Cristiano Ronaldo capped off his best year ever with one of his best performances ever in the Champions League final
There is nothing tactics can do when one of history's greatest ever players is feeling it.
That was Cristiano Ronaldo's message to the world on Saturday. His brace pushed Real Madrid past Juventus for their 12th Champions League win, cementing their status as Europe's most successful club. It's the first time any club has won back-to-back UCL titles in the tournament's entire history, and once again, Real Madrid can thank their talisman for putting them in the record books.
Ronaldo's achievements over the last year have truly been the stuff of legend. Within the last 362 days, Ronaldo's won two Champions League trophies, La Liga, a European Championship with Portugal, the Club World Cup, and earned both the Ballon d'Or and the FIFA best player of 2016.
This year, CR7 scored 42 goals in 46 matches. In an off year.
He won just about all of the biggest trophies available to him, and he's the favorite to lift his second straight Ballon d'Or. He's been absolutely outstanding for both club and country, and the Champions League final was the crowning moment of an absurd year for the Portuguese legend.
At 32 years old, Ronaldo shouldn't be performing at the level he is. His physical decline has been clear in the last couple years, and he's now a completely different player from the spindly trickster he was when he first broke onto the scene. But despite his dwindling pace, his growing inability to beat players on the dribble, and a vastly modified style of play, Ronaldo is still Ronaldo.
It's safe to say, Juventus were well aware of the threat he possessed before the match. Their tactics were set up expressly to nullify Ronaldo's threat, and it took some intelligent management from Zinedine Zidane to make sure his marquee man was put in the position to be successful on the day.
And he was.
Ronaldo wasn't spectacular against Juventus. There were no flicks, no tricks, just pure, raw efficiency. It was the type of performance that just screams "champion," and the type of showing no one can game plan for.
It's not as if Ronaldo ran rampant, dominating the game and causing problems every time he touched the ball. In fact, it was the exact opposite. Ronaldo rarely touched the ball in the first half, and he didn't affect the game significantly in the run of play. The Bianconeri's defensive tactics were clearly designed to shut CR7 down, and for the most part, that was the case. It didn't much matter though, because Ronaldo is Ronaldo, and what Ronaldo is, is one of the greatest footballers to ever step foot on a pitch.
So, he did Ronaldo things.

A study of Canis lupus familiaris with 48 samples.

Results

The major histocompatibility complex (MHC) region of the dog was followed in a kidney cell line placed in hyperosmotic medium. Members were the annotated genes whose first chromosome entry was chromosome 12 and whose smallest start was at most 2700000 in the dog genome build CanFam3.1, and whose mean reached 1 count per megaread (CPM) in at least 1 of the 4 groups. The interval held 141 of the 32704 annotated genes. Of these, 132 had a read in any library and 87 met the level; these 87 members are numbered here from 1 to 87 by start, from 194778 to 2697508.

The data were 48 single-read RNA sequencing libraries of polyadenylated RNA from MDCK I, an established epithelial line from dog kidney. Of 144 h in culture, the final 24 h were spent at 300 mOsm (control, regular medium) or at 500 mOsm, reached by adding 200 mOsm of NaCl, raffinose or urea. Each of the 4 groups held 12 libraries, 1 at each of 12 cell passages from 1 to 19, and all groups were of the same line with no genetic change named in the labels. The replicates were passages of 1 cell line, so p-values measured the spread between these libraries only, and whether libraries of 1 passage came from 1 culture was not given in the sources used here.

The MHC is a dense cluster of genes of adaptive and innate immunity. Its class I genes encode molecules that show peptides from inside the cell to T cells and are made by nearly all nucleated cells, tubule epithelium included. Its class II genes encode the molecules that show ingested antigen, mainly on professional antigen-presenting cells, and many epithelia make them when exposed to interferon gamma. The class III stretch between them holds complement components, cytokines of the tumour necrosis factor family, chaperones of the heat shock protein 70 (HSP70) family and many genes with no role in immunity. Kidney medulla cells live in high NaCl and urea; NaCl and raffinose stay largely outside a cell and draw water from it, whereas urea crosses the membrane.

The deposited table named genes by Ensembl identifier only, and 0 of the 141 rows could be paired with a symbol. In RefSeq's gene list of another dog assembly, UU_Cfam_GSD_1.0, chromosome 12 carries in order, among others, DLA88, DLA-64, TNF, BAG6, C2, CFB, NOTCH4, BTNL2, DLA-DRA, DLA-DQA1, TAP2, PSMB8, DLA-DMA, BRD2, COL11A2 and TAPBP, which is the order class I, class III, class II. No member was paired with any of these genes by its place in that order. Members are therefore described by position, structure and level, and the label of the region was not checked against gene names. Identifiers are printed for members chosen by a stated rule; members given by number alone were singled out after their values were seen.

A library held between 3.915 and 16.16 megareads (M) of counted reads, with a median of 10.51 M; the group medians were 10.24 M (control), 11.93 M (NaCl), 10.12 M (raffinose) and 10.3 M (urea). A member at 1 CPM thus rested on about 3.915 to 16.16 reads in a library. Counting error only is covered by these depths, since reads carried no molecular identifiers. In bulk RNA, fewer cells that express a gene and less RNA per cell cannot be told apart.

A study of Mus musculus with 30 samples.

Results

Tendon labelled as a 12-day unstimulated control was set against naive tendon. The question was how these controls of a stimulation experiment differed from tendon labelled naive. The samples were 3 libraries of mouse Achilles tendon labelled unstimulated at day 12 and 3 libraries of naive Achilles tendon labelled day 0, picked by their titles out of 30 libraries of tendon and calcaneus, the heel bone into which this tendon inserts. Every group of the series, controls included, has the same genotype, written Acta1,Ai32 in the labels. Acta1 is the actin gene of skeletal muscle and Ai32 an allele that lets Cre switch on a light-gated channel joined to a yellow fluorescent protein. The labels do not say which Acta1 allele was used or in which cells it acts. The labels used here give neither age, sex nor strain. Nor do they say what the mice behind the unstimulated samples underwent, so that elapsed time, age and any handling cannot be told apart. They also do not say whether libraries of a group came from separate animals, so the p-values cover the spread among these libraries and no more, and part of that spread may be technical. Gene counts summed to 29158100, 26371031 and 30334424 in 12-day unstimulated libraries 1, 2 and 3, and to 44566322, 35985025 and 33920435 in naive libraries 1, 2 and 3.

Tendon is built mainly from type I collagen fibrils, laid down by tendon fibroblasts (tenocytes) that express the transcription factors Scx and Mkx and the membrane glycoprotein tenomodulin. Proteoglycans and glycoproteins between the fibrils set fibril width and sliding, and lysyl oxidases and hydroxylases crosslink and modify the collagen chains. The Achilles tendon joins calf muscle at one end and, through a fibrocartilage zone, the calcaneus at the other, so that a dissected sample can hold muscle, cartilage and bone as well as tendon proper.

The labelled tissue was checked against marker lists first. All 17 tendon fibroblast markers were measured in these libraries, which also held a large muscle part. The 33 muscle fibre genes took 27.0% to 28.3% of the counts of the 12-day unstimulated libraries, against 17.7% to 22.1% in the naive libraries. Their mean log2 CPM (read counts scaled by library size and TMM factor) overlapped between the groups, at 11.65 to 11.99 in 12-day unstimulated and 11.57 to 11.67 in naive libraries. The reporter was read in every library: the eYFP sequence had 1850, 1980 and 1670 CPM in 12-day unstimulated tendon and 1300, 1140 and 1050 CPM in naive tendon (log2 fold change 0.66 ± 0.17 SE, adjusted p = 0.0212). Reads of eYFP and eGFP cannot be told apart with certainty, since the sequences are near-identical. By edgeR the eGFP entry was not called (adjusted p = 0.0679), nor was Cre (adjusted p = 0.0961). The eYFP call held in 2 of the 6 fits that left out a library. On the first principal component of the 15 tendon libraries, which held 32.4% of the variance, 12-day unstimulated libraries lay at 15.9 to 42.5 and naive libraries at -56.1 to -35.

That means scoring with his very first shot on target. That means netting a killer third goal in the second half. That means helping his side grab four goals against the best defense in Europe, a team that had only conceded three in the entire tournament before this.
Coming into this match, Juve had blanked Lionel Messi, Neymar, Luis Suarez and Co. over two legs. That's 180 minutes keeping one of the greatest attacking teams in history off the scoresheet. Following that, they managed to keep free-scoring Monaco off the board until the 69th minute of the semifinal second-leg. This was one of history's best defensive teams, and they had the results to prove it.
Juventus had kept some of the very best goalscorers on the face of this planet off the scoresheet before this match. If any team could concoct a way to keep Ronaldo from being a factor, it was them.
But they couldn't do it. Ronaldo was just too good.
It's not as if Juve weren't prepared for Ronaldo's threat. From the onset, the Bianconeri were attuned to his danger. They intentionally shifted their defense and midfield to shut down Ronaldo on the left side from the kickoff, and it was extremely effective in keeping him out of the match for the first 15 minutes. When Zidane responded by moving him to the right, Juventus reacted in kind, shifting their attentions in a continued attempt to keep him out of the game.
It was from that right-sided position that Ronaldo's first goal came. All it took was a fantastic bit of movement from CR7, and a crucial moment of weakness from Juve's defense. An instant to lose track of game's most lethal goalscorer. Just one second of inattentiveness from Juventus' Giorgio Chiellini, and Ronaldo was in. One chance, one goal.
In the second half, in response to Juventus reacting once more to deal with his threat, Ronaldo took up a more central role. It took less than 20 minutes after the break for him to grab his brace, Madrid's third, and effectively end the tie.
Like his first, it wasn't anything special. It wasn't a slaloming run past numerous defenders. It wasn't a screaming distance strike. It was a fantastic piece of off-the-ball movement, a predatory finish, and another example of Ronaldo doing what he does best: come up big in the clutch.
No matter what Juventus did to try to stop him, it didn't matter. Ronaldo still found the space, and once he got the opportunity, he made them pay. That's what he does. It's what he's been doing for over a decade at the highest level, and the Bianconeri's record-breaking defense wasn't going to stop him once the Champions League trophy was in his sights.
There was nothing Juventus could do. Ronaldo was always going to Ronaldo.